The volume of foreign travel from Asia’s three main travel nations, China, Japan and South Korea, is growing again. Following a nine per cent decline due to the crises in 2009, in 2010 foreign travel from Asia increased by 17 per cent. This represents a total volume of 128 million individual journeys. Asia’s share of foreign travel now accounts for 18 per cent of the world total. With this increase Asia has consolidated its position as the second most important region on the foreign travel market. An evaluation by “IPK International – World Travel Monitor Company”, commissioned by ITB Berlin, reveals that Asia is exceeded only by Europe, with a 56 per cent share, as a source of foreign travel.
China, Japan and South Korea have long been the top 3 countries in outgoing travel from Asia with over one-third (a total of 46.5 million) of all Asians who travel abroad coming from one of these three countries.
And other Asian destinations are also very popular with travellers from these three countries. Three out of every four international trips by Asians start and end somewhere on that continent. However, the individual markets reveal substantial differences in terms of the destinations. Whereas some 39 per cent of Japanese choose destinations outside Asia, in China only 33 per cent of travellers go outside their own continent, while overseas trips are only undertaken by 20 per cent of Koreans. This trend is also apparent when we consider travel to Europe. Europe receives 3.6 million visitors from Japan and some 3.8 million from China, compared with only about 1.1 million Koreans. Five years ago the proportion of trips to destinations outside Asia was slightly higher. In 2005, for example, the Japanese accounted for 47 per cent of all international journeys from Asia, the Chinese for 37 per cent, and the Koreans for 26 per cent.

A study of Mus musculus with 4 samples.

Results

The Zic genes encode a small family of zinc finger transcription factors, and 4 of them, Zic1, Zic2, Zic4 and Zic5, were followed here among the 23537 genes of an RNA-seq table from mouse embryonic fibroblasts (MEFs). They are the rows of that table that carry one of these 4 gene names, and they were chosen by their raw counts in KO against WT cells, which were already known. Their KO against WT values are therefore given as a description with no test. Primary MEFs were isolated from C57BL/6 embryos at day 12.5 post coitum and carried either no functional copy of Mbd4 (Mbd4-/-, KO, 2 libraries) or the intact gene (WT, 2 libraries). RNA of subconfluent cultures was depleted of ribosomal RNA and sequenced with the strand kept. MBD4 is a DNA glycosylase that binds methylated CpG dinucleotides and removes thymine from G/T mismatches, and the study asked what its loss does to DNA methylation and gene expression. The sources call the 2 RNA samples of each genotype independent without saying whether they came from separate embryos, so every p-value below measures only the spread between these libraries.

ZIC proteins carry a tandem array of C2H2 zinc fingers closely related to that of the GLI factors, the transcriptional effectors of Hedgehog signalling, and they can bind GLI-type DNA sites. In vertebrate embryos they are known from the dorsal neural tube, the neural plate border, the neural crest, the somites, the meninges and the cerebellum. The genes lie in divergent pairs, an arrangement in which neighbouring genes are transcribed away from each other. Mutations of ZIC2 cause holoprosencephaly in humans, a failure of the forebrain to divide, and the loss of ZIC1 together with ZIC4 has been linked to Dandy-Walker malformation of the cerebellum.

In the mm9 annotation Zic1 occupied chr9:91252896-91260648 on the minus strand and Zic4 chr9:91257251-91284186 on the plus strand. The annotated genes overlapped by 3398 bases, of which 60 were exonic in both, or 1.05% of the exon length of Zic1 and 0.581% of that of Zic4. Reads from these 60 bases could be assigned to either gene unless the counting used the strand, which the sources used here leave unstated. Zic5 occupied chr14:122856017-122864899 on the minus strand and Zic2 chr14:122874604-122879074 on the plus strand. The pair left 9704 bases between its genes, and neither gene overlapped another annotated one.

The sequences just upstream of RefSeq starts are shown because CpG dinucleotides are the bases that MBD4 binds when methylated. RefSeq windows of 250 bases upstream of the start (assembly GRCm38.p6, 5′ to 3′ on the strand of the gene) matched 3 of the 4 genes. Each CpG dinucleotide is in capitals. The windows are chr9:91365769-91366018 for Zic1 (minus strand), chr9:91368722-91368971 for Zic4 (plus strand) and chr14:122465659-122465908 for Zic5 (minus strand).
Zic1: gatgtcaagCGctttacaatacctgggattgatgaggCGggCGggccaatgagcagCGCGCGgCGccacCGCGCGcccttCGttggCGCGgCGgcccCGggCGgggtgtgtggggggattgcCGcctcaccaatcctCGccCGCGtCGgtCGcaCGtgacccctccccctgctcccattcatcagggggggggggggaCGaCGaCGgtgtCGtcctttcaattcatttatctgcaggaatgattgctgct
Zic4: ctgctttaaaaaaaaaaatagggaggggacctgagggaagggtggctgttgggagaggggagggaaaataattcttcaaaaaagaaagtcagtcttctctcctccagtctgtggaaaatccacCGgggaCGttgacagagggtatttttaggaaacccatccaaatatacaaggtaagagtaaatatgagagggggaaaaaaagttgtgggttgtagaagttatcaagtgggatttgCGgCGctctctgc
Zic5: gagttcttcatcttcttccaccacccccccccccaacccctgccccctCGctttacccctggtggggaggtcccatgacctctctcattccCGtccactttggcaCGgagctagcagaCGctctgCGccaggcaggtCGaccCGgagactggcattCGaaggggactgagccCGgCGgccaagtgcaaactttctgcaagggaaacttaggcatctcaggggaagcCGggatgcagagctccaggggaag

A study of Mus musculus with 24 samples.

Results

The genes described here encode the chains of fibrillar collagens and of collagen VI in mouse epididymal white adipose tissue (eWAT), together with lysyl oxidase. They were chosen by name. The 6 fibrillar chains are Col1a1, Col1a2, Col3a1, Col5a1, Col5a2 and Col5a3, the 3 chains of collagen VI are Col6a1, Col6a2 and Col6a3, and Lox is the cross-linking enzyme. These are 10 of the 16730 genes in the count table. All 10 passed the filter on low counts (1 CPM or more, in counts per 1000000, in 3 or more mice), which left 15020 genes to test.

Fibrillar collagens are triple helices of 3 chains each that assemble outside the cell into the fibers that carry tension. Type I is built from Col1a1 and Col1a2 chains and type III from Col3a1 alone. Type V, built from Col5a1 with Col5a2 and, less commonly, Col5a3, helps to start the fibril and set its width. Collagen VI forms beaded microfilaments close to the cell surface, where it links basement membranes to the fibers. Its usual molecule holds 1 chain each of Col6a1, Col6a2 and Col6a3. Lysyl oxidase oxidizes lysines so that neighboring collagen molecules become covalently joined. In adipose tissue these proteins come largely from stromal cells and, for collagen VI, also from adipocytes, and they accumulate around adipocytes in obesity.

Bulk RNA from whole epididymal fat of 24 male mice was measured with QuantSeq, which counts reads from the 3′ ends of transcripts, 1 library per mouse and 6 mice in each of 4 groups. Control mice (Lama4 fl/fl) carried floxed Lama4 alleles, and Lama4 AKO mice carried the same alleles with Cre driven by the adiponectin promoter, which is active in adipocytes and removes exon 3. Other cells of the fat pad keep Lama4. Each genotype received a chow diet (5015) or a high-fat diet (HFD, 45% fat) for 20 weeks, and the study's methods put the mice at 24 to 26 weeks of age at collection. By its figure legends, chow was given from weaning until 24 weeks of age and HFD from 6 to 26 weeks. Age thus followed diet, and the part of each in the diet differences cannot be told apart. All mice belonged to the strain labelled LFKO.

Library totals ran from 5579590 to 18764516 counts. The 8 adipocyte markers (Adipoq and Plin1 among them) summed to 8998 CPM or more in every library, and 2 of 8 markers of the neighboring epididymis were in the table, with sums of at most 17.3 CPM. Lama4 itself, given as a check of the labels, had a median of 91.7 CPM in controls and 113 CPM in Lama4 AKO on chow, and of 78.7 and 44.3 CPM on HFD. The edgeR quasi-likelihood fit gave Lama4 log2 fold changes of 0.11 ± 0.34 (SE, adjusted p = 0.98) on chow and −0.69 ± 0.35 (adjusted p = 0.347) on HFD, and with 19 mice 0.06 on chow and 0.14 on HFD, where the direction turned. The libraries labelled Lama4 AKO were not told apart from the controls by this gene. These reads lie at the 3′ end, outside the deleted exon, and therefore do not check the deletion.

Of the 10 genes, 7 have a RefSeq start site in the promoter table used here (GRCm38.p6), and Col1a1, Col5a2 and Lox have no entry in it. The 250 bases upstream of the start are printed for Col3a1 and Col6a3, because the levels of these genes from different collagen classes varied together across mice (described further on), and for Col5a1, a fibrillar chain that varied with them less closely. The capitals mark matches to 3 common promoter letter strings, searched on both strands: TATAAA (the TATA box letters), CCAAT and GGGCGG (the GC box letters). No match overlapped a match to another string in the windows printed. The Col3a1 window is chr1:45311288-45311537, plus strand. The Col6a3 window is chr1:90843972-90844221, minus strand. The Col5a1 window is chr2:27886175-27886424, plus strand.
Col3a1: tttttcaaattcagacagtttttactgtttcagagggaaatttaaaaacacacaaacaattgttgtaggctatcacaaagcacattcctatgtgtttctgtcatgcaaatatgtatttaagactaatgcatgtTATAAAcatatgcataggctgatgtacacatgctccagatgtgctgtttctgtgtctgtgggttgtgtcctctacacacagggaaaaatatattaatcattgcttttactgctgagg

Referring to the changes in travel behaviour, Dr. Martin Buck, Director of the Competence Centre Travel and Logistics at Messe Berlin, stated: “The decline in overseas travel from Asia is attributable firstly to the world economic crisis and secondly to the rapid development of destinations within Asia. As a result Asians are finding that journeys within their own continent are not only more favourably priced but are also attractive.”
Over a period of five years China has seen the largest increase in foreign travel, followed by South Korea and Japan. However, initial data indicates that, in the aftermath of the earthquake and nuclear disaster in Japan, and the subsequent economic consequences, instead of an increase this year there will be a significant decline.
With 15 per cent growth China also occupies first place in travel to Europe. There has also been a percentage increase in trips to Europe from Japan over the past five years. In contrast with other markets South Korea has not yet recovered to the same extent from the economic crisis. This is very evident in the long-haul travel sector, with trips to European destinations revealing a slight decline over the past five years.
Approximately three-quarters of all foreign travel starting from China and Japan is in the form of a vacation or other private trip. In South Korea this is the motivation for almost two-thirds of all international journeys. By way of comparison: only just under half of foreign trips from India are by people vacationing.
In China in particular vacations now play a much more important role in motivating people to travel than was the case five years ago, the proportion of travel undertaken for vacationing purposes having risen from 56 to 77 per cent. In Japan the importance of vacation travel, at 67 per cent, was already at a relatively high level five years ago, while in South Korea the corresponding figure remains unchanged at 64 per cent.
A number of significant trends are evident in the type of vacation too. Round trips are particularly popular with holidaymakers from all three countries. In this respect, while there has hardly been any change on the Japanese market over the past five years, round trips are definitely becoming the most popular form of vacation for the Chinese and South Koreans. In recent years city tours have been increasingly chosen by vacationing Japanese, who now prefer them to beachside destinations. Among the Chinese the situation is completely reversed, with city tours declining in importance over the past five years and now lagging some way behind beach vacations in popularity. In South Korea city tours and beach vacations are of roughly the same importance, but with a decline in city tours as a percentage compared with previous years.